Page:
This Bengaluru artist's paintings of heritage homes is helping preserve the architectural legacy of the city

Bengaluru-based artist Rachana Mahadimane works on watercolour paintings centred around heritage structures to raise awareness on preservation

author_img Sanath Prasad Published :  11th April 2022 07:19 PM   |   Published :   |  11th April 2022 07:19 PM
Rachana Mahadimane’s watercolour paintings

Rachana Mahadimane’s watercolour paintings

Rachana Mahadimane spends her early morning on the streets of Bengaluru riding a bicycle. She rides from her home in Jayanagar to Mekhri Circle and back. The morning rides definitely help check-off her fitness goals, but at the same time also assists her in finding subjects for her watercolour paintings. From heritage homes and temples in Basavanagudi to the Raintree bungalow on Sankey road, the morning cycle rides have piqued her interest into the lesser noticeable landmark locations in Bengaluru. Not just Bengaluru, she is now working on a collection called ‘Ode to Mysore’, a series of watercolour paintings chronicling heritage houses and cityscapes of Mysuru, including S Radhakrishnan’s bungalow, Devaraja market, among other places.

The 31-year-old is a trained architect who graduated from the M S Ramaiah School of Architecture. However, she quit architecture in 2015. “Architecture was stressing me out. I had to be on site most of the time, including Sundays, which took a toll on my physical and mental health. That is when I decided to quit and do what I loved the most- travel journaling. I extensively travel with my husband and document my travels in a sketchbook. Travel also fuels most of my artwork and that is when I decided to work on watercolours – which has been part of my life since childhood,” says Mahadimane, who also sells her original watercolour artwork on request over Instagram.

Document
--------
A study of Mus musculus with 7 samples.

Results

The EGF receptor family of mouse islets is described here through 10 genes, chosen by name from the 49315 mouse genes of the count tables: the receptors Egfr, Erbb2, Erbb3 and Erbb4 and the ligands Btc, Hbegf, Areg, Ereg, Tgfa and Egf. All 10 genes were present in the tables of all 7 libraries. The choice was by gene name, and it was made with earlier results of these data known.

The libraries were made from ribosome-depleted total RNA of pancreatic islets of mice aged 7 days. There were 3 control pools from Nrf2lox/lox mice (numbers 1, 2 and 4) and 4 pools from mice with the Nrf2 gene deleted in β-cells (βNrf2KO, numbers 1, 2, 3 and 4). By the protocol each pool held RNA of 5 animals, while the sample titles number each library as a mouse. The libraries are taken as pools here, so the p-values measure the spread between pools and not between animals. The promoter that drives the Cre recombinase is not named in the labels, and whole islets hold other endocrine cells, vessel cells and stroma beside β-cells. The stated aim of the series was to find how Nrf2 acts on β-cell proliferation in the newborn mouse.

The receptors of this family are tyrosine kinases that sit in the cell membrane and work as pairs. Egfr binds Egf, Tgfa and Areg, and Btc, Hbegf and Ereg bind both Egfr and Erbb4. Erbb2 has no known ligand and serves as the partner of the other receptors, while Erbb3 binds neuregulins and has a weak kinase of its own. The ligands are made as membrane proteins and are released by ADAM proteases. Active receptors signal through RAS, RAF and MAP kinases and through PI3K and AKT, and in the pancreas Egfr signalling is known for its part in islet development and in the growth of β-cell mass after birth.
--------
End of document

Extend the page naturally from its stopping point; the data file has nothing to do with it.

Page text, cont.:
Mahadimane picked up plein air painting (the art of painting outdoors) from Bengaluru-based watercolour artist Madhu Kumar over a 10-weekend workshop course. After which her cycle expeditions in Bengaluru in the last two years became a source of inspiration for her creations. “It is very challenging to do plein air painting in Bengaluru because of the bustling crowds. Although sketching heritage and colonial buildings are not difficult, a lot of caretakers at these buildings do not encourage painters to do their work,” says Mahadimane, who carries a pocket sketchbook and art palette to do plein air painting. 

Some of her works in watercolour paintings include a temple in Basavanagudi, the Gavi Gangadhareshwara temple, Bowring Institute, Venkatappa Art Gallery, Mayo Hall, and also paintings of mundane activities in the city. “Unlike painting with acrylic or oil paints, watercolour is a one-brush stroke, where you cannot undo mistakes. This is what excites me the most. Plein air painting is another character that captures the right light and atmosphere when you are painting live. I spend at least an hour and a half at the spot to finish the painting. This method has instilled a lot of patience in me over the years,” says Mahadimane, who is also mulling over the idea of a heritage book documenting lesser-known heritage sites in Bengaluru through watercolour painting. “I grew up around a lot of heritage sites in Mysuru. I want to raise awareness and highlight the importance of preserving such heritage structures through my artwork,” adds Mahadimane.